Flora Pringle (Owner/Cracked Candy)I think Elena Ferrante writes brilliantly about the challenges of motherhood and building something for yourself. In the Neapolitan Novels she talks about her character breaking out of her poor, restrictive, mafia background through reading and learning. She breaks her boundaries and becomes an accomplished writer. In the third book particularly, Elena speaks fluently about the envy we feel of the accomplishments of others, the insecure we feel even in the traits that others so admire about us. The frustrations of motherhood and how it can impinge professional accomplishments whether we want it to or not. A powerful book.
Nicole Baldinu (Co-Founder/The $100 MBA)I didn’t want this book to end. And I’ve gone back and listened to the audio version in Italian too. I’m lucky that my second language is Italian, as I got to enjoy it twice over! This book was wildly successful and for good reasons, it has everything you’d want in a story, love, friendship, history, humor, sadness and tragedy. All in four delicious volumes that, again, you wish would keep going and going.
Book one in the New York Times bestselling Neapolitan quartet about two friends growing up in post-war Italy is a rich, intense, and generous-hearted family epic by Italy’s most beloved and acclaimed writer, Elena Ferrante, “one of the great novelists of our time.” (Roxana Robinson, The New York Times)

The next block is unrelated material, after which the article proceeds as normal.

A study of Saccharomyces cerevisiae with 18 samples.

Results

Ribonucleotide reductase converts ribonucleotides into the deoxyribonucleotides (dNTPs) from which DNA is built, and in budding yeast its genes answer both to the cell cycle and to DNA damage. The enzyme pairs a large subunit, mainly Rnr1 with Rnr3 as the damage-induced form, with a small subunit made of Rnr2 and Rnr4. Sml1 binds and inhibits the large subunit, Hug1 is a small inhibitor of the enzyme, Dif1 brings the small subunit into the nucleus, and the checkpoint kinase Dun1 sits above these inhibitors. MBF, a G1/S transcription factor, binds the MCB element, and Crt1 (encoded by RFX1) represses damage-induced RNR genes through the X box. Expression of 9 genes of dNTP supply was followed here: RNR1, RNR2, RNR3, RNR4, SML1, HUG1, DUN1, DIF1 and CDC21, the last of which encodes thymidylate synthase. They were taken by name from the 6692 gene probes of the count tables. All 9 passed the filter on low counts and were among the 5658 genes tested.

Beginning in the 1950s in a poor but vibrant neighborhood on the outskirts of Naples, Ferrante’s four-volume story spans almost sixty years, as its protagonists, the fiery and unforgettable Lila, and the bookish narrator, Elena, become women, wives, mothers, and leaders, all the while maintaining a complex and at times conflictual friendship. Book one in the series follows Lila and Elena from their first fateful meeting as ten-year-olds through their school years and adolescence. Through the lives of these two women, Ferrante tells the story of a neighborhood, a city, and a country as it is transformed in ways that, in turn, also transform the relationship between her protagonists.
“An intoxicatingly furious portrait of enmeshed friends,” writes Entertainment Weekly. “Spectacular,” says Maureen Corrigan on NPR’s Fresh Air. “A large, captivating, amiably peopled bildungsroman,” writes James Wood in The New Yorker. Ferrante is one of the world’s great storytellers.
With My Brilliant Friend she has given her readers an abundant, generous, and masterfully plotted page-turner that is also a stylish work of literary fiction destined to delight readers for many generations to come.